More stress for Ellen MacArthur as she enters the 'icefields'

At 0430 GMT this morning Ellen MacArthur on her global record attempt reported that she had spotted two large 20m icebergs just two miles to her north [B&Q position 50 58 degrees south / 175 52 degrees east at that time].

Commenting from the boat MacArthur said: “I can see them [icebergs] off to port… I’m nervous, like you would be, I’ve to go back on deck. I only have four hours left of daylight, by then I hope I’m passed the worst part…”

The knowledge of this ice zone has dictated B&Q’s path to the north in the last 48 hours, although the icebergs seen by Ellen a few hours ago are positioned extremely far north as the sun sets, it will be a very tense time on board B&Q for the next few hours of darkness.

Since 1900 GMT yesterday, B&Q has sustained boat speeds in excess of 20 knots in a good S-SW 20-26 knot breeze and MacArthur has now sailed 14,640 miles at an average speed of 17.4 knots as she heads into day 35 of her solo, non-stop round the world record attempt.

Although fast, B&Q is starting to lose some of the heard-earned two and a half day advantage, as B&Q heads slightly north of east having sailed north of Joyon’s historical track, crossing back over IDEC’S track for only the second time on this Southern Ocean leg.

It is a relentless challenge to try and break Francis Joyon’s record of 72 days, 22 hours and 54 minutes – the only man to have set a new world record for solo, non-stop around the world on a multihull. The pace continues to push MacArthur to her physical and mental limits, although MacArthur is managing her sleep programme well. Sleep expert, Dr Claudio Stampi, who has worked with MacArthur for the past five years, said: “For now I can say that over the past five days, MacArthur has been doing a good and judicious job in terms of sleep management.” MacArthur wears a bio-monitor that records the time she is resting, calorie expenditure and stress levels and this data is sent back to Dr Stampi for analysis.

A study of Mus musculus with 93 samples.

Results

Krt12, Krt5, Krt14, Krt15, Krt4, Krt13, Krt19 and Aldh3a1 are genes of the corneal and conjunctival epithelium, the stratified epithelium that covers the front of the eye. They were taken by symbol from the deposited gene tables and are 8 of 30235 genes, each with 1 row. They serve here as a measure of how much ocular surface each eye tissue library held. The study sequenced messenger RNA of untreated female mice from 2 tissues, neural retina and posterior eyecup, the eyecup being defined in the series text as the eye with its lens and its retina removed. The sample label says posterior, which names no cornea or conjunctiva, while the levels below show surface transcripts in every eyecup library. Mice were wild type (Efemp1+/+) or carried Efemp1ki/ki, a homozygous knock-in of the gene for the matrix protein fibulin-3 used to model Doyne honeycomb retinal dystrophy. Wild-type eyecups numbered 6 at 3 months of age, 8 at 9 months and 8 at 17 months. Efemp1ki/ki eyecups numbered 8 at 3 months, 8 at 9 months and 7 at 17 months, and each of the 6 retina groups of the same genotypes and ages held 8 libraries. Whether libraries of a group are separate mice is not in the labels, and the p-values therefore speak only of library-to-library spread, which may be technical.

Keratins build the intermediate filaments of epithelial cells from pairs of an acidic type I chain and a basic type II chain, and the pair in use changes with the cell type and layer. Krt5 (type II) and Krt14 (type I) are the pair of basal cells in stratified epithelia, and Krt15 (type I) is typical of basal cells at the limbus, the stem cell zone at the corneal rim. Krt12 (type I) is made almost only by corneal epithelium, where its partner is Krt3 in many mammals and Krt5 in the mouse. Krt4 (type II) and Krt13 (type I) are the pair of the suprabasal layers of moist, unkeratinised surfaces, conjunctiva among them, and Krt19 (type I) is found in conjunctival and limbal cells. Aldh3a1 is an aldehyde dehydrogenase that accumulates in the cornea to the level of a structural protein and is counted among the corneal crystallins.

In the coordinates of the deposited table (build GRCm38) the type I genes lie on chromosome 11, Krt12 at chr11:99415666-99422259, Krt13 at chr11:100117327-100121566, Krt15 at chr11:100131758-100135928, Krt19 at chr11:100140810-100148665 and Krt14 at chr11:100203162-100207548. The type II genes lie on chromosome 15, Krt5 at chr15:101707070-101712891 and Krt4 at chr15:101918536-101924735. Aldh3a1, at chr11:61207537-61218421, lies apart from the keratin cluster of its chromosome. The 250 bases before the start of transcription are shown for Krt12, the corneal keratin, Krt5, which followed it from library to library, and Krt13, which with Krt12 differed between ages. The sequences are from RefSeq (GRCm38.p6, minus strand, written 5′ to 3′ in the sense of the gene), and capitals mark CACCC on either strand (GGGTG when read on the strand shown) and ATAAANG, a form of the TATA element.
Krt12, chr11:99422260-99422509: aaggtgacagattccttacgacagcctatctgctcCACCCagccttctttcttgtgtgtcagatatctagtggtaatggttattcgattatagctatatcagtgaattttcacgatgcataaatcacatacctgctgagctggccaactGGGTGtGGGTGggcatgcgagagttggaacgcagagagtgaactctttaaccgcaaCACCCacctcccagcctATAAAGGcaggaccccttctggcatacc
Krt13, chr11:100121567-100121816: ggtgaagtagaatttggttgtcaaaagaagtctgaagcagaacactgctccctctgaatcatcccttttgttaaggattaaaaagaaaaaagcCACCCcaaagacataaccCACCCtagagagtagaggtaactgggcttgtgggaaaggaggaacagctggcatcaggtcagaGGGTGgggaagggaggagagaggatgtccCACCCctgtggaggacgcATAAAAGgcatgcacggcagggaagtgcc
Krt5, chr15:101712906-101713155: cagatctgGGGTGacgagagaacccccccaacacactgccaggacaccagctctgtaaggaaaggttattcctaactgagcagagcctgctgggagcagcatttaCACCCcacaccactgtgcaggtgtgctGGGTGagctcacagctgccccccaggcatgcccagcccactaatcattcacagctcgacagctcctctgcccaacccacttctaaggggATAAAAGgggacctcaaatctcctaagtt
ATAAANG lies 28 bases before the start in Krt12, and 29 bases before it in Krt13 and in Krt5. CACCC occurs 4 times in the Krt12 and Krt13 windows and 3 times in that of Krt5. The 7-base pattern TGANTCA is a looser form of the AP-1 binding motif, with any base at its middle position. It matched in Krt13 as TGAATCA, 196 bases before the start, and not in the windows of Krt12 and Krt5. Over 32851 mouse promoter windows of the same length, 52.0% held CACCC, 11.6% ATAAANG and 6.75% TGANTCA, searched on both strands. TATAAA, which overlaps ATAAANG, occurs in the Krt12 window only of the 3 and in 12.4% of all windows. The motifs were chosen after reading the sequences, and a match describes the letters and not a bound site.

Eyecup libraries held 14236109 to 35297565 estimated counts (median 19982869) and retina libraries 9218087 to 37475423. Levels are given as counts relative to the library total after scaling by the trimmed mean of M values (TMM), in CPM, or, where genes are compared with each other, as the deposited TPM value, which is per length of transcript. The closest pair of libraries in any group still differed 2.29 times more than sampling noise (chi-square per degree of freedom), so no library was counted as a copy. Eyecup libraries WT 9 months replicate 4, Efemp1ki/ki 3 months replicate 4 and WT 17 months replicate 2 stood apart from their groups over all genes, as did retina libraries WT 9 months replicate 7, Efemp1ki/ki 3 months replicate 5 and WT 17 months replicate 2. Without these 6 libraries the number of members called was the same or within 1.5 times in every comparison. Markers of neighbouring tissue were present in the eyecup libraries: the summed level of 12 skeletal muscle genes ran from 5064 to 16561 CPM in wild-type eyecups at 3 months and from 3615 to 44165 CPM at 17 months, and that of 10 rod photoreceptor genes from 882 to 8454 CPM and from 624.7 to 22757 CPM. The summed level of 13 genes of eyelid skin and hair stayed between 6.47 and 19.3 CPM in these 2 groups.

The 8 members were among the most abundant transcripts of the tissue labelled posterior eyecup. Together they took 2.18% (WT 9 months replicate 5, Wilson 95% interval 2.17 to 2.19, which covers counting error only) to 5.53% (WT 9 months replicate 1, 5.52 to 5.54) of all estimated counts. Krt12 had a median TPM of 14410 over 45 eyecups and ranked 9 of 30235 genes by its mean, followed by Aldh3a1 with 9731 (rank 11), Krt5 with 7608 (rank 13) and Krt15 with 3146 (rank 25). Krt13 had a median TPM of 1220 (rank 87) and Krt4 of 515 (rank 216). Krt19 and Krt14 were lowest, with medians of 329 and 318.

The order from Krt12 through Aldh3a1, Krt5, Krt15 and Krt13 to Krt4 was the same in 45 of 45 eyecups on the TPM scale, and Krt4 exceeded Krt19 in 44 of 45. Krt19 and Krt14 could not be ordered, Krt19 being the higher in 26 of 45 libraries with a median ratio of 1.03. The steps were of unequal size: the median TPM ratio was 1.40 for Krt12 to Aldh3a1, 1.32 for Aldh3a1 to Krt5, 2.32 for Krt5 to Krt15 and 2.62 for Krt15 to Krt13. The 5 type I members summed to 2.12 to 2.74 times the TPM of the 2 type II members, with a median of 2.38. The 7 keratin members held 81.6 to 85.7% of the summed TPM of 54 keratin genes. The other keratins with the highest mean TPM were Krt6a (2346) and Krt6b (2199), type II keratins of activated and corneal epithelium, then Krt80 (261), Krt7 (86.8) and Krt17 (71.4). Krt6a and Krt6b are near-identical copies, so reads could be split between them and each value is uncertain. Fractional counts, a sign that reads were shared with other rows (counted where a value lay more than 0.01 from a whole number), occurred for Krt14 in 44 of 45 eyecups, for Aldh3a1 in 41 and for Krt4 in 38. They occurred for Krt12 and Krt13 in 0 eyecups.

MacArthur has averaged over 6 hours sleep in every 24 hours in the last five days – her lowest amount of sleep, just 1h 32m was on the 28 December as B&Q suffered gale-force conditions for the third time. The sleep is taken in short ‘cat-naps’ of 10, 20, 30 or sometimes 40 minutes. Undoubtedly, sleep will be difficult in the current environment and with the squally conditions that are passing through with each cold front bringing unstable winds, both in speed and direction, with strong gusts for the next 48 hours.

Now at 50 55 degrees south and 177 16 degrees east, B&Q is fast approaching the International Date Line [at 180 degrees east in this part of the Southern Ocean] from which point on, instead of counting up eastern degrees she will be counting down the western degrees as MacArthur makes the transition from the Indian Ocean into the Pacific for B&Q’s passage to Cape Horn (approximately 4,000 miles to the east).